BRISTOL, Va. — Anxiety, depression and trauma have risen across the U.S. under the COVID-19 pandemic, according to the Centers for Disease Control and Prevention.
To help counteract some of the mental health struggles people in the Twin City face, the Bristol Crisis Center plans to open a calming room in its location at 100 Oakview Ave., Bristol, Virginia later this month.
Rachael Voelker, executive director of the center, said since the pandemic started, suicide rates and domestic violence rates have risen. The room will allow anyone, whether they have existing mental illness, a first-responder dealing with trauma or stress from work or someone who just feels overwhelmed by life, to relax and decompress for free, in a space specifically set aside for that purpose.
The room will be outfitted with five special reclining chairs, two of which will be disability accessible and three outfitted with an airbag attachment that will make those seated feel snug.
Those at the Crisis Center also plan to play calming music and use soothing aromas in the room. Voelker said all these items and features are backed by research that shows they can help reduce anxiety and stress.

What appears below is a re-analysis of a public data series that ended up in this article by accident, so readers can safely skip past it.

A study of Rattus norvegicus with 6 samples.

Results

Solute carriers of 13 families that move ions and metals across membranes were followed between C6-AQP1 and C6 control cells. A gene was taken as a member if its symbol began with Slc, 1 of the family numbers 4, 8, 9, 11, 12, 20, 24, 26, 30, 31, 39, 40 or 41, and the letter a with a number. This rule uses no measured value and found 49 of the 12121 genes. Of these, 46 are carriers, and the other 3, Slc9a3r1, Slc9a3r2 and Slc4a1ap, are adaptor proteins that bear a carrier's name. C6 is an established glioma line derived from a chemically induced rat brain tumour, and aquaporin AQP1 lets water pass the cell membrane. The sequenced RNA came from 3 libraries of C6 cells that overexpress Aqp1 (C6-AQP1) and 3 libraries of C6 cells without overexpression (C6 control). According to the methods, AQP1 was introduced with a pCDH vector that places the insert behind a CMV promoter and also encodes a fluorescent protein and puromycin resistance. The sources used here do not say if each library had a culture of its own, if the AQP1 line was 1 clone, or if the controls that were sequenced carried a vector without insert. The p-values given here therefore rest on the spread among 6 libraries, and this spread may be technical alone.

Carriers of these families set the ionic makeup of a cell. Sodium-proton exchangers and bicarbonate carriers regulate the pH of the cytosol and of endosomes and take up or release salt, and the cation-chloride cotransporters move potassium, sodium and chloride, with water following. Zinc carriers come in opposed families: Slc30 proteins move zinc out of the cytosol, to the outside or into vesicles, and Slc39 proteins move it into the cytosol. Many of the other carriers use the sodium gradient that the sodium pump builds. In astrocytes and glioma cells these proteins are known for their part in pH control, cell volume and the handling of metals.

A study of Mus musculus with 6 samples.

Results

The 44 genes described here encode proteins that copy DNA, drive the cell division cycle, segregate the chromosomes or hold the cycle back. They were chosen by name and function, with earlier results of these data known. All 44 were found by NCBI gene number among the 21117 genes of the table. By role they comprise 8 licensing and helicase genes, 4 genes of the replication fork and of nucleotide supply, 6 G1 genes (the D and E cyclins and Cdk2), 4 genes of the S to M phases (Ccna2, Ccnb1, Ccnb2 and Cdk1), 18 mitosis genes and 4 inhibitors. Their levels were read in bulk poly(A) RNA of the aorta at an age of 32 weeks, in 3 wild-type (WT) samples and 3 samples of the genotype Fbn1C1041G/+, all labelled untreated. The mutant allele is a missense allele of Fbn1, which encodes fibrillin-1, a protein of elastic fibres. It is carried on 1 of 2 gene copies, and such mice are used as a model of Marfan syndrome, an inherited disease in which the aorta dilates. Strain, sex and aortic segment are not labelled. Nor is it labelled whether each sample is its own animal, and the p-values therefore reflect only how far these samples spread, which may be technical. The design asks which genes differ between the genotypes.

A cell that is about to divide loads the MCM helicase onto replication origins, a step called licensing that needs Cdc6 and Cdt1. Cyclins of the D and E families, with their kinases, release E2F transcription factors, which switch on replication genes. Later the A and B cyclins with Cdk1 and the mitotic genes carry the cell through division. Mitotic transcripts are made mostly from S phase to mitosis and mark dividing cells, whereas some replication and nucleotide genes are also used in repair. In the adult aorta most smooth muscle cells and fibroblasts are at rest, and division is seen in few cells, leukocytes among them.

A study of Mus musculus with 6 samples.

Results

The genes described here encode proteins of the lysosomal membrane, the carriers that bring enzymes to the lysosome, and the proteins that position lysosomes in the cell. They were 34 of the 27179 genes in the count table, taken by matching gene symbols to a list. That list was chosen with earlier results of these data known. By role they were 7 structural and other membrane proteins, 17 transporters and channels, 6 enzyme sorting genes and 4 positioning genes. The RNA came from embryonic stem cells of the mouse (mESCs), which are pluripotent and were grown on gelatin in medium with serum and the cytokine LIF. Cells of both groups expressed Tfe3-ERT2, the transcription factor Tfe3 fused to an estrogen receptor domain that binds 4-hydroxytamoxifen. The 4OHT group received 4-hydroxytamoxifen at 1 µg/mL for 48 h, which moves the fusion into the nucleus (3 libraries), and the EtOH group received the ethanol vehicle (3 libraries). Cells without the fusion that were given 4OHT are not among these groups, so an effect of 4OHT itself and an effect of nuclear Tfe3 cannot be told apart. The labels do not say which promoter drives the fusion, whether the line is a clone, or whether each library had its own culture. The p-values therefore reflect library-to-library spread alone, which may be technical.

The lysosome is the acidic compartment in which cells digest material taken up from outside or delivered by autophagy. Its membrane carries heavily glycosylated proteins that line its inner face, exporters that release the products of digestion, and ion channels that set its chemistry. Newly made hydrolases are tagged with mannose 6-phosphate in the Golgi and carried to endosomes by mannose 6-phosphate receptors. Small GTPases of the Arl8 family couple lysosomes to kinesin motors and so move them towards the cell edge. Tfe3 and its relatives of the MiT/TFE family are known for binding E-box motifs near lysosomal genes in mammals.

“Being in a dark space decreases anxiety. When someone is in a crisis, they are often hypersensitive to what’s going on around them,” Voelker said.
She added that crisis counselors will also be available to help.
The soft opening for the room is set for Sept. 25, and the event will feature a live band performance, snacks, a silent auction and ceremony memorializing those who killed themselves.
The calming room is set to open to the public on Sept. 28 and initially will be available from 9 a.m. to 5 p.m. Monday through Friday. However, Voelker said the plan is to eventually extend the hours to 9 a.m. to midnight during the week and then make the room available 24 hours a day, seven days a week.